REPORT FROM THE DEPARTMENT OF COMMERCE AND CONSUMER AFFAIRS – The Department of Commerce and Consumer Affairs’ (DCCA) Office of Consumer Protection (OCP) today announced that it joined 44 other states and the District of Columbia in reaching a $120 million multi-state settlement with Lender Processing Services, Inc. (LPS) and its subsidiaries, LPS Default Solutions and DocX.
The proposed agreement resolves allegations that the Jacksonville, Fla.-based company, which primarily provides technological support to banks and mortgage loan servicers, “robo-signed” documents and engaged in other improper conduct related to mortgage loan default servicing.
When entered by the court, the judgment would require LPS and its subsidiaries to reform its business practices and, if necessary, to correct documents it executed to assist the homeowner.
Hawaii’s share of the settlement is approximately $401,030. Hawaii’s lawsuit and proposed stipulated judgment are being filed and submitted for approval today in a state Circuit Court in Honolulu.
“This settlement assures that the unconscionable mortgage loan default servicing practices alleged against LPS and its subsidiaries will not happen again,” Office of Consumer Protection Executive Director Bruce B. Kim said. “Hawaii is going to go after organizations that try to take advantage of our residents.”
Among other things, the Hawaii judgment will require proper execution of documents and prohibit signature by unauthorized persons or those without first-hand knowledge of facts attested to in the documents, enhanced oversight of the default services provided, and a review of all third-party fees to ensure that the fees have been earned and are reasonable and accurate.
The settlement also accomplishes the following:
· Prohibits LPS (including DOCX) from engaging in the practice of surrogate signing of documents;
· Ensures that LPS has proper authority to sign documents on behalf of a servicer, if in fact it is signing documents;
· Requires LPS to accurately identify the authority that the signer has to execute the document and where that signer works;
· Prohibits LPS from notarizing documents outside the presence of a notary and ensures that notarizations will comply with applicable laws;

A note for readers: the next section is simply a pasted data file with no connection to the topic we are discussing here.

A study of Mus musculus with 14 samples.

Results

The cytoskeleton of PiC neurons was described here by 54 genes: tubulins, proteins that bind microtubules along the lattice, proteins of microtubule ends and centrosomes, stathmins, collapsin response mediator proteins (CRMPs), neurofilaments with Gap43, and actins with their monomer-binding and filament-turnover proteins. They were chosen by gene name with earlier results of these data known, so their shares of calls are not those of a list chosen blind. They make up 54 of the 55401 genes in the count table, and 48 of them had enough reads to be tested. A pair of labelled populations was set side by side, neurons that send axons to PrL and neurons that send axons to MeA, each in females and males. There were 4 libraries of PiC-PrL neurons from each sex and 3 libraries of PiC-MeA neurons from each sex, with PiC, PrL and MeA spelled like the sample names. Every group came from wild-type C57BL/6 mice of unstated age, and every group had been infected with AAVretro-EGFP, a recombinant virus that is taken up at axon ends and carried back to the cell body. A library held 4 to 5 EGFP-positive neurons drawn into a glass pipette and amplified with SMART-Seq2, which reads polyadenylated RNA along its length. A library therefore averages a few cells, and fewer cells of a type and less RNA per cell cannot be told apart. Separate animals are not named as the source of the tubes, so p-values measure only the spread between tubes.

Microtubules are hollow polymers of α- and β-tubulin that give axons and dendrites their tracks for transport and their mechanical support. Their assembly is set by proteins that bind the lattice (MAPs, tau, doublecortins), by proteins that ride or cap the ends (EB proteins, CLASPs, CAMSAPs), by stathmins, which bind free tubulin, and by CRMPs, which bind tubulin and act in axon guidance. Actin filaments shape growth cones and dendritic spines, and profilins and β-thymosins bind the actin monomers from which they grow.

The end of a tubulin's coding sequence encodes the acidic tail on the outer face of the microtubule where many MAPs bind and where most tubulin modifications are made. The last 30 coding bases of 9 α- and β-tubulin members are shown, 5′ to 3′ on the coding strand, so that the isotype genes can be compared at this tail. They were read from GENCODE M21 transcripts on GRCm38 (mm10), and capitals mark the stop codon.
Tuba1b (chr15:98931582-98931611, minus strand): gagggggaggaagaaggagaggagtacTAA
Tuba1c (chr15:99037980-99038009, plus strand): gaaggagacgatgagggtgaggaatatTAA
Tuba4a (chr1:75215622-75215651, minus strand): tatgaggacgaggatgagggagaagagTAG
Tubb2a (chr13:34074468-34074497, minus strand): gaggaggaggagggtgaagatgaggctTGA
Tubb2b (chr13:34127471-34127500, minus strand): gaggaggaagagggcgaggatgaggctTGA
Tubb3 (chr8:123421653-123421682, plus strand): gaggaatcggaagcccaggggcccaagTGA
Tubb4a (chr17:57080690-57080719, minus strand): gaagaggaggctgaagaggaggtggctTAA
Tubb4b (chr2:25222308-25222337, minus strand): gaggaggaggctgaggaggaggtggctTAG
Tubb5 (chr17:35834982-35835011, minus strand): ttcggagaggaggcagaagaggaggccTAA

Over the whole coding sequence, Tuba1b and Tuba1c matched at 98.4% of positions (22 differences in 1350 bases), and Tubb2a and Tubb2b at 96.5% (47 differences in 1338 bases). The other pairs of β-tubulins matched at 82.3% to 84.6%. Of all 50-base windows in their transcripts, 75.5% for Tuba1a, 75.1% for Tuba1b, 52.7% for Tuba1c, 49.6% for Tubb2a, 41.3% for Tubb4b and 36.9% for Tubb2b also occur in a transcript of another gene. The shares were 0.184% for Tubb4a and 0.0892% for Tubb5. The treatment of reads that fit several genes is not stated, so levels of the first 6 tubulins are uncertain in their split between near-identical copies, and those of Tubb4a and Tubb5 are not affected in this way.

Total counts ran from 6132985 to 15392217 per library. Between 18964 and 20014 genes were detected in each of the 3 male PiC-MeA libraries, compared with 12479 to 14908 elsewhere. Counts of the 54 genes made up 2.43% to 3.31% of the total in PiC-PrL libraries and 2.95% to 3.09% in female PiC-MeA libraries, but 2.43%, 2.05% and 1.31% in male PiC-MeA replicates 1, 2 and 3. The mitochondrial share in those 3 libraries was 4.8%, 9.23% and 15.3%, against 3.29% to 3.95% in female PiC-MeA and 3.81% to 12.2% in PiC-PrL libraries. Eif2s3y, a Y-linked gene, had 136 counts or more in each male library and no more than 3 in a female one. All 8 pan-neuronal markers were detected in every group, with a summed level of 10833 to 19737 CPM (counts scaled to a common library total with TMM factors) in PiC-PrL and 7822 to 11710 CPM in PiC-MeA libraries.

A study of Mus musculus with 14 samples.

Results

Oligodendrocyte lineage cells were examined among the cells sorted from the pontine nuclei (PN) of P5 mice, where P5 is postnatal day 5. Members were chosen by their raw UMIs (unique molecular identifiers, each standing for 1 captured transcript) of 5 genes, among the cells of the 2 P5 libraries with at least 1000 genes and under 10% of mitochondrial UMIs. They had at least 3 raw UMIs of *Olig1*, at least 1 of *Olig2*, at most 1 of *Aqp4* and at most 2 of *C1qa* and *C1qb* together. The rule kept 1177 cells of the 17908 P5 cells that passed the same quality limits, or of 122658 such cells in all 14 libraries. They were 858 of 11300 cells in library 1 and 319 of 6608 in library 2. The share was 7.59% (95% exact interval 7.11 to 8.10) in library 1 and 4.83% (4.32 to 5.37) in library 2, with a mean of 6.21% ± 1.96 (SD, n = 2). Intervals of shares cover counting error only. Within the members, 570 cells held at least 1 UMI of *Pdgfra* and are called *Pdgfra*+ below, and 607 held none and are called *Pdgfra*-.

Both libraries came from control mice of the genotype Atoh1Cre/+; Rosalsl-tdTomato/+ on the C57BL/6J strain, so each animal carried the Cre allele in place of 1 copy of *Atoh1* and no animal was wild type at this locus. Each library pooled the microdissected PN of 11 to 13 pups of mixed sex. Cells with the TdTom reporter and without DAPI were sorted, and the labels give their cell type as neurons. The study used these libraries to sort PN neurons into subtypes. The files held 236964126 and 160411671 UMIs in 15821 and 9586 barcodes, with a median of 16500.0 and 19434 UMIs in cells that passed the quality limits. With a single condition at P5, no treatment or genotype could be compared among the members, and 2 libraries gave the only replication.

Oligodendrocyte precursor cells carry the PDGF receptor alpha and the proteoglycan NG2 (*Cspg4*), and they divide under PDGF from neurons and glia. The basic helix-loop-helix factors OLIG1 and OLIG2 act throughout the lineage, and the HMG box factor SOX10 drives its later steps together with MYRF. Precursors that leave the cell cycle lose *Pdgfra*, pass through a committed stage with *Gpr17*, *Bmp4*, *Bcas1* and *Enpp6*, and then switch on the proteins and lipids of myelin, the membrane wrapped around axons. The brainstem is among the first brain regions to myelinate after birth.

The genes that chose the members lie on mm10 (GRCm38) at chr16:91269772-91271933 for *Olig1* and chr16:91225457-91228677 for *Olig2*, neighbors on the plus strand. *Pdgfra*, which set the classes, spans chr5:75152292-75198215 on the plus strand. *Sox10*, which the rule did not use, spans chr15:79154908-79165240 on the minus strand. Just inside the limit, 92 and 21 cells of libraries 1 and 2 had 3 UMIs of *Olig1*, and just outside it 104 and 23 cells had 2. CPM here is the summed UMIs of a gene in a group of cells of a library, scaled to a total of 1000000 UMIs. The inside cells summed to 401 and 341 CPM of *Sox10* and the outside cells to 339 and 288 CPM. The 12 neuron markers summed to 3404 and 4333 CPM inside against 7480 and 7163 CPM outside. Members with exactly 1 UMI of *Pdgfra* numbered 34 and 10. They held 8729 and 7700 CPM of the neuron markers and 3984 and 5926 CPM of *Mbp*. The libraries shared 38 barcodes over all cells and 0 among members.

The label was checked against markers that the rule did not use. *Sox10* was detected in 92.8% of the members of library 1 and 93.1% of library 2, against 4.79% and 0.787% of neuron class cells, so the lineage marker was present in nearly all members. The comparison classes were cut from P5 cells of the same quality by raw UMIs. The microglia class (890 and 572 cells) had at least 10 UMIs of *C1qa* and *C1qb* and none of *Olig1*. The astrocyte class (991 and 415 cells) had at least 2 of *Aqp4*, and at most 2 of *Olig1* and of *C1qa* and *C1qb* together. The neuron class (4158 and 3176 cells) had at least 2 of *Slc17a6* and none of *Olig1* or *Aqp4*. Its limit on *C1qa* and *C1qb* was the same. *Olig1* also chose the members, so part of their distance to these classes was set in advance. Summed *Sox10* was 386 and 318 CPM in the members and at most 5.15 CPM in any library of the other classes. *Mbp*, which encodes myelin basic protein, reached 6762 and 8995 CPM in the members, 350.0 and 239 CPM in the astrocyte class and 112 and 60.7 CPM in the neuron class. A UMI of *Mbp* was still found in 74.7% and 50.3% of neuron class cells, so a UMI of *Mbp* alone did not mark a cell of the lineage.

· Prohibits LPS from improperly interfering with the attorney-client relationship between attorneys and services;
· Prohibits LPS from incentivizing or promoting attorney speed or volume to the detriment of accuracy;
· Requires LPS to ensure that foreclosure and bankruptcy counsel or trustees can communicate directly with the servicer;
· Requires LPS to have enhanced oversight and review of processes over third parties it manages, including those entities that perform property preservation services;
· Prohibits LPS from imposing unreasonable mark-ups or other fees on third party providers’ default or foreclosure-related services;
· Requires LPS to establish and maintain a toll-free phone number for consumers concerning document execution and property preservation services (including winterization, inspection, preservation, and maintenance); and
· Requires LPS to modify mortgage documents that require remediation when LPS has legal authority to do so and when reasonably necessary to assist a consumer or when required by state or local laws.
The settlement does not prevent victims from taking legal action against LPS.
Once the judgment is entered, LPS must conduct a review of documents executed during the period of Jan. 1, 2008, to Dec. 31, 2010, to determine what documents, if any, need to be re-executed or corrected. If LPS is authorized to make the corrections, it will do so and will make periodic reports to the Office of Consumer Protection regarding the status of its review and/or modification of documents.
Consumers may also call the LPS toll-free number that is being set up and request review and correction of any documents executed by LPS at any time. The LPS toll-free number will be placed on the OCP website when it is operational.
“Going forward, the provisions agreed to by LPS and its subsidiaries will result in severe penalties should LPS or its subsidiaries ever violate the terms of the settlement,” Kim said. “This is yet another step in ongoing federal and state efforts to address questionable mortgage loan default servicing practices which may have occurred during the financial crisis.”
The following joined Hawaii in today’s settlement: Alabama, Alaska, Arizona, Arkansas, California, Connecticut, Florida, Georgia, Idaho, Illinois, Indiana, Iowa, Kansas, Kentucky, Louisiana, Maine, Maryland, Massachusetts, Mississippi, Montana, Nebraska, New Hampshire, New Jersey, New Mexico, New York, North Carolina, North Dakota, Ohio, Oklahoma, Oregon, Pennsylvania, Rhode Island, South Carolina, South Dakota, Tennessee, Texas, Utah, Vermont, Virginia, Washington, West Virginia, Wisconsin, Wyoming, and the District of Columbia.
Lisa Tong, a senior staff attorney at the Office of Consumer Protection, represented Hawaii in the lawsuit.